Sizing Up the Damage
Up to 10 percent of all high-tech products sold worldwide are phony, according to the Alliance for Gray Market and Counterfeit Abatement (AGMA), a trade association composed of high-tech firms. Printers, laptops, cell phones, and components such as memory chips and integrated circuits are the types of hardware most frequently counterfeited. Such knockoffs cost manufacturers $100 billion annually in lost sales, according to the AGMA.
A look at recent U.S. Customs and Border Protection seizures gives some idea of the problem's scope in the United States: Three of the top ten items that Customs agents seized in 2004 were consumer electronics, batteries, and computer hardware, according to U.S. Customs statistics. Although some of those seizures resulted from import law violations, the majority involve counterfeit goods, according to Customs agents.
U.S. Customs' Randazzo says the value of seized tech goods more than doubled between 2004 and 2005. The fakes ranged from PC components (such as hard drives and keyboards) to entire systems. Also on the rise: seizures of networking hardware.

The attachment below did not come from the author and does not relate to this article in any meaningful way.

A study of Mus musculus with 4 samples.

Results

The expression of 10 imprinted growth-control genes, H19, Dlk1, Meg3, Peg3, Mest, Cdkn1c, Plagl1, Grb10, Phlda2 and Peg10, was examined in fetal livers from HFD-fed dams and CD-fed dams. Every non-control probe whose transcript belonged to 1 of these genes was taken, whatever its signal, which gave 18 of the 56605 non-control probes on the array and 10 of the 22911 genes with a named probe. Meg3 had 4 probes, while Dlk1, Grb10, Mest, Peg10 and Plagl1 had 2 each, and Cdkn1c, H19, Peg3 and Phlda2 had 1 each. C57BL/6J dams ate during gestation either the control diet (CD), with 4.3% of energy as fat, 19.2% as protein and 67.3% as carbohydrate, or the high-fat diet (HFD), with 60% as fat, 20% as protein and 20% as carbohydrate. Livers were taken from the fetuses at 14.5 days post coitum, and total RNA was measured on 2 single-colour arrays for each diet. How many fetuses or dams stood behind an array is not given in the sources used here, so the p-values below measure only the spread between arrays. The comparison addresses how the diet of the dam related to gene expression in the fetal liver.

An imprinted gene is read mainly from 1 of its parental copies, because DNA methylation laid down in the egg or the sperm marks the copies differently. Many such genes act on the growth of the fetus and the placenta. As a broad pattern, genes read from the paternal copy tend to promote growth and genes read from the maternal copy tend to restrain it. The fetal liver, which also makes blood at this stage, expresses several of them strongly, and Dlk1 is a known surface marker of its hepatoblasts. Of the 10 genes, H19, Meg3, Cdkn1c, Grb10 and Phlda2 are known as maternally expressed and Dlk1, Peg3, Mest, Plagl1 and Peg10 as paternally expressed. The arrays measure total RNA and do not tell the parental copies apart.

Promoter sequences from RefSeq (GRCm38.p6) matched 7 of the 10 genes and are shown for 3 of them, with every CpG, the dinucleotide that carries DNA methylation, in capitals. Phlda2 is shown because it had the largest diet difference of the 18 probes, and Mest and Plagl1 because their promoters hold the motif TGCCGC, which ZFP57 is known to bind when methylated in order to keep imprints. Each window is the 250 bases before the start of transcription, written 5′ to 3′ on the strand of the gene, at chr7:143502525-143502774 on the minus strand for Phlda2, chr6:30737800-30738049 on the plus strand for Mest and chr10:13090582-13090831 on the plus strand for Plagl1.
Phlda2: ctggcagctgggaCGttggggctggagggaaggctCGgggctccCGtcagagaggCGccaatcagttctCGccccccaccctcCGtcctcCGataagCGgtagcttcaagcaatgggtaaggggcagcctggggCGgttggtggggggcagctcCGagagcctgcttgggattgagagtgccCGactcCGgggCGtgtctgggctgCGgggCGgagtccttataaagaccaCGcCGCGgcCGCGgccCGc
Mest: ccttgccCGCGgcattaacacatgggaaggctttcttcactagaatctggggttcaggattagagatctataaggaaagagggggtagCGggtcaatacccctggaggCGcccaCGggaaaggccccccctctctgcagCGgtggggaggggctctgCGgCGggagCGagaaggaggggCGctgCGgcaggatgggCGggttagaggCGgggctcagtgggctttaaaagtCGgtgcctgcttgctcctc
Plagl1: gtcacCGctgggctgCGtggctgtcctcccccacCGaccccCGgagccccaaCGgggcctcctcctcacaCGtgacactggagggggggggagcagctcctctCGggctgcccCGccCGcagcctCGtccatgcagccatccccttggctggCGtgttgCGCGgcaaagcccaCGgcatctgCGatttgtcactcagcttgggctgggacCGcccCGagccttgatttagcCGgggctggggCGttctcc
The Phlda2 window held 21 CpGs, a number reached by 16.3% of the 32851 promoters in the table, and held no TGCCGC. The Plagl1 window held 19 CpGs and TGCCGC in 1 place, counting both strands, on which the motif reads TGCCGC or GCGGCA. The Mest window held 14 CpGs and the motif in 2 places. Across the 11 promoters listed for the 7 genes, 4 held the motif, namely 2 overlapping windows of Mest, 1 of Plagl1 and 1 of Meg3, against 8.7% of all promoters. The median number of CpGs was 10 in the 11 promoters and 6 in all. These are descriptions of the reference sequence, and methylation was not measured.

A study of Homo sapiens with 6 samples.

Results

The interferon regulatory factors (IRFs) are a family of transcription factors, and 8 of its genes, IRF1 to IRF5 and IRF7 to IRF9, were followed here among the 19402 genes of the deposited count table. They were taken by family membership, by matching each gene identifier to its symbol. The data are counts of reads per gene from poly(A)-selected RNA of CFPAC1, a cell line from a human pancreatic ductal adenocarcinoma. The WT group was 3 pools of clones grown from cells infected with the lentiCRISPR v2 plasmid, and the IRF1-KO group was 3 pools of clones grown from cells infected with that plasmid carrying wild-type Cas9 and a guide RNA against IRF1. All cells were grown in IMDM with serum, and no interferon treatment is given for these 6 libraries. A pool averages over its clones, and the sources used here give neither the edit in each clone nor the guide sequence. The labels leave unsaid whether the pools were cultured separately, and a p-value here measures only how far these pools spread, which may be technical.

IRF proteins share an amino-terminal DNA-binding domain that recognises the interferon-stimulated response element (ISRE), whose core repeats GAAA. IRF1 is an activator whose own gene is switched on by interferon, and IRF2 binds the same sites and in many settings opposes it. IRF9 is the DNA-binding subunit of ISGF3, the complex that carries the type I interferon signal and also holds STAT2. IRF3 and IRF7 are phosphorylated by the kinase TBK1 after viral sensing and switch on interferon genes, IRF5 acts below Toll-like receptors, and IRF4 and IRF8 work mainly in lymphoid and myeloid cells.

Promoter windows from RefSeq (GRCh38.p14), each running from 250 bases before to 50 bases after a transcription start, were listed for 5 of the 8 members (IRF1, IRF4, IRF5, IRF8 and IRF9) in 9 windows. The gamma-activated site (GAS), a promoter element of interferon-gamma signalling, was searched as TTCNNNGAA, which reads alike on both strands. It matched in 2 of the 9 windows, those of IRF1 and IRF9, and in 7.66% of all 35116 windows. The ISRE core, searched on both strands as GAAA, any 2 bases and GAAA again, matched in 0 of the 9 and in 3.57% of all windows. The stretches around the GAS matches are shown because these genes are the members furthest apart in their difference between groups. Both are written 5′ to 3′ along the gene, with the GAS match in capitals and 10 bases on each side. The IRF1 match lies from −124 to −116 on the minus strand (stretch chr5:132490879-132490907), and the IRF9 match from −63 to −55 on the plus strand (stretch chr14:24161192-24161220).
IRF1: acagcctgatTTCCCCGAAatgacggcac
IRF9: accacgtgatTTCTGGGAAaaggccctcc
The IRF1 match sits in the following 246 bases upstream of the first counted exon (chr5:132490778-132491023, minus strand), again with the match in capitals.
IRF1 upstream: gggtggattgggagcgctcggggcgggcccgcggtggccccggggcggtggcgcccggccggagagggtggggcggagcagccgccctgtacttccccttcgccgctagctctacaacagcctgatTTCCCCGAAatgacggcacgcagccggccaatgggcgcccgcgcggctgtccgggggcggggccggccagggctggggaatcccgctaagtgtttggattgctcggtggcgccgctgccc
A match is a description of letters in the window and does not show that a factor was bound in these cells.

In fiscal year 2004, at the port of Anchorage, items that violated intellectual-property rights accounted for 80 percent of all goods seized, says Lance Robinson, assistant area port director of trade operation; high-tech gear made up 20 percent of that contraband. That figure puts counterfeit gear on a par with the volume of illicit drugs Anchorage Customs hauled in during the same period.
In certain parts of the world--including some Asian nations--finding real brand-name goods is harder than locating bogus ones, says Jorge Barahona, a private investigator hired by U.S. tech firms to protect their brands outside the United States.
In many cases the counterfeiters don't make the phony hardware themselves. Instead, they take a legitimate but inexpensive hard drive or memory module from an undistinguished maker, slap on the label of a better-known firm, and charge a premium rate. Woody Taylor, who uncovers counterfeits for Seagate, says hard drives made by little-known companies and rebranded as Seagate models make up the bulk of the hundreds of phony Seagate drives he sees each year.
According to numerous experts, counterfeits may also come from manufacturers that have a legitimate contract with a brand-name company but make products containing unauthorized or substandard parts. For example, Kyocera Wireless asserts that it had this problem with Texas-based Hecmma, a company Kyocera hired to make some of its cell phone batteries. Kyocera subsequently filed suit against Hecmma in the U.S. District Court of the Southern District of California, claiming that batteries made by Hecmma were defective and prone to overheating, and that Hecmma sold excess substandard batteries bearing the Kyocera name to distributors after Kyocera stopped its order.
In its own court filing, Hecmma strongly denies these charges, arguing that it is the assembler--not the manufacturer--of the batteries, and that problems with components are thus beyond its control.